Beneath a great many debates about politics and economics is a question of how we are to pay for the costs of being social animals.

Or, as Lenin put it: who, whom?

This comes up in debates about government debt. Some people worry that we are burdening future generations with the costs of our current projects because we are promising that they will pay for them. Others say that there is no burden because, well, we owe it to ourselves.

Paul Krugman of the New York Times recently argued for the latter view:

People think of debt’s role in the economy as if it were the same as what debt means for an individual: there’s a lot of money you have to pay to someone else. But that’s all wrong; the debt we create is basically money we owe to ourselves, and the burden it imposes does not involve a real transfer of resources.

He includes this chart graph to show that, despite what you might hear about China financing our deficits, most of our debt is lent by domestic institutions and individuals:



Nick Rowe, an economist at Carleton University in Ottawa, Canada, says Krugman has it wrong.

“Sorry, but that's just plain wrong. The economically illiterate rube who thinks that the national debt is a burden on our children or grandchildren is basically right,” Rowe writes over at his blog, Worthwhile Canadian Initiative.

Rowe uses a simple example of a government that “makes a transfer of 100 apples to the current cohort, financed by borrowing.” Does this create a future burden? Rowe says it does.

Here’s a long quote with his explanation:

My argument is obvious. At least, it's obvious to anyone who has thought about overlapping generations models. And it's equally obvious to the unsophisticated uneducated rube who has never thought about overlapping generations models.

The government borrows 100 apples from each of cohort A, then gives each person in cohort A a transfer payment of 100 apples. It is exactly as if the government had simply given each person in cohort A an IOU for 100 apples. That IOU is a bond.

So far there is no change in cohort A's consumption of apples.

Cohort A then sells the bonds to the younger members of cohort B. So each person in cohort A gets an extra 110 apples (assume 10% interest per generation), which he eats. Cohort A then dies.

Cohort A is better off. Each member of cohort A eats an extra 110 apples. In present value terms, those extra 110 apples are worth 100 apples at the time the transfer payment is made.

Cohort B eats 110 fewer apples when young, but 121 extra apples when old, and they sell their bonds to cohort C. Although cohort B eats 11 more apples in their lifetimes, the present value of their total consumption of apples is the same. The rate of interest must be high enough to persuade them to eat fewer apples when young and more apples when old, otherwise they wouldn't have bought the bonds from cohort A.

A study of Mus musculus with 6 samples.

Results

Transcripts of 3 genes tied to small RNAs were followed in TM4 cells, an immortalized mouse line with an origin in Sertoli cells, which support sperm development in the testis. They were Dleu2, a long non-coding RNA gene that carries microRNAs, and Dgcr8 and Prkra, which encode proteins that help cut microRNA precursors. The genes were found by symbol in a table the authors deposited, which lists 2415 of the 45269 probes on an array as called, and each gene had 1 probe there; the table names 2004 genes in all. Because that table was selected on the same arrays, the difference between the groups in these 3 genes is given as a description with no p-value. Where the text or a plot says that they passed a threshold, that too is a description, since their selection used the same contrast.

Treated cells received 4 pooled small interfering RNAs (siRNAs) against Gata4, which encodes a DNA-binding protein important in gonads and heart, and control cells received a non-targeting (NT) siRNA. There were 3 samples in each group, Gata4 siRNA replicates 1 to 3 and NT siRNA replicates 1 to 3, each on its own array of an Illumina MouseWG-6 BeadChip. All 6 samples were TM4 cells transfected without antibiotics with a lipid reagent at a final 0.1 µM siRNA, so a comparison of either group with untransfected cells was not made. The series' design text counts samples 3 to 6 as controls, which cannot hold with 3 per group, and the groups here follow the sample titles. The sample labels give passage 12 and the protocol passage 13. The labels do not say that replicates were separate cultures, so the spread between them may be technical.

So cohort B is not worse off.

But (given my assumption) the debt is rising faster than GDP. The government knows this is unsustainable. It cannot rollover the debt forever, because eventually the next cohort will be unable to buy the bonds from the older cohort. So the government decides to pay off the debt by imposing a tax of 121 apples on each young person in cohort C, which it uses to buy back the bonds from cohort C.

Each member of cohort C eats 121 fewer apples.

Cohort A eats more apples, and cohort C eats fewer apples. It is exactly as if apples traveled back in time, out of the mouths of cohort C into the mouths of cohort A. (With interest subtracted as they travel back in time through the time machine.) Yes, the national debt is a burden on future generations.

Where I think Rowe goes wrong is by writing as if there were anything special about financing the transfer of apples with debt. There’s not.

Regardless of whether the government raises taxes now to fund the purchase of apples, shifts spending toward apples away from other expenditures, prints new money to fund the purchase, or borrows debt, the burden of paying for the apples is always shifted to someone else.

Some other “cohort” pays for the cohort of apple consumers to receive the apple.

To put it slightly differently: Government spending always imposes a cost on someone — and that someone is not typically the beneficiary. The cost can be higher taxes, loss of government benefits, loss of purchasing power of the money, or an obligation to repay bonds.

Is there something special about intergenerational burden transfer that I’m missing?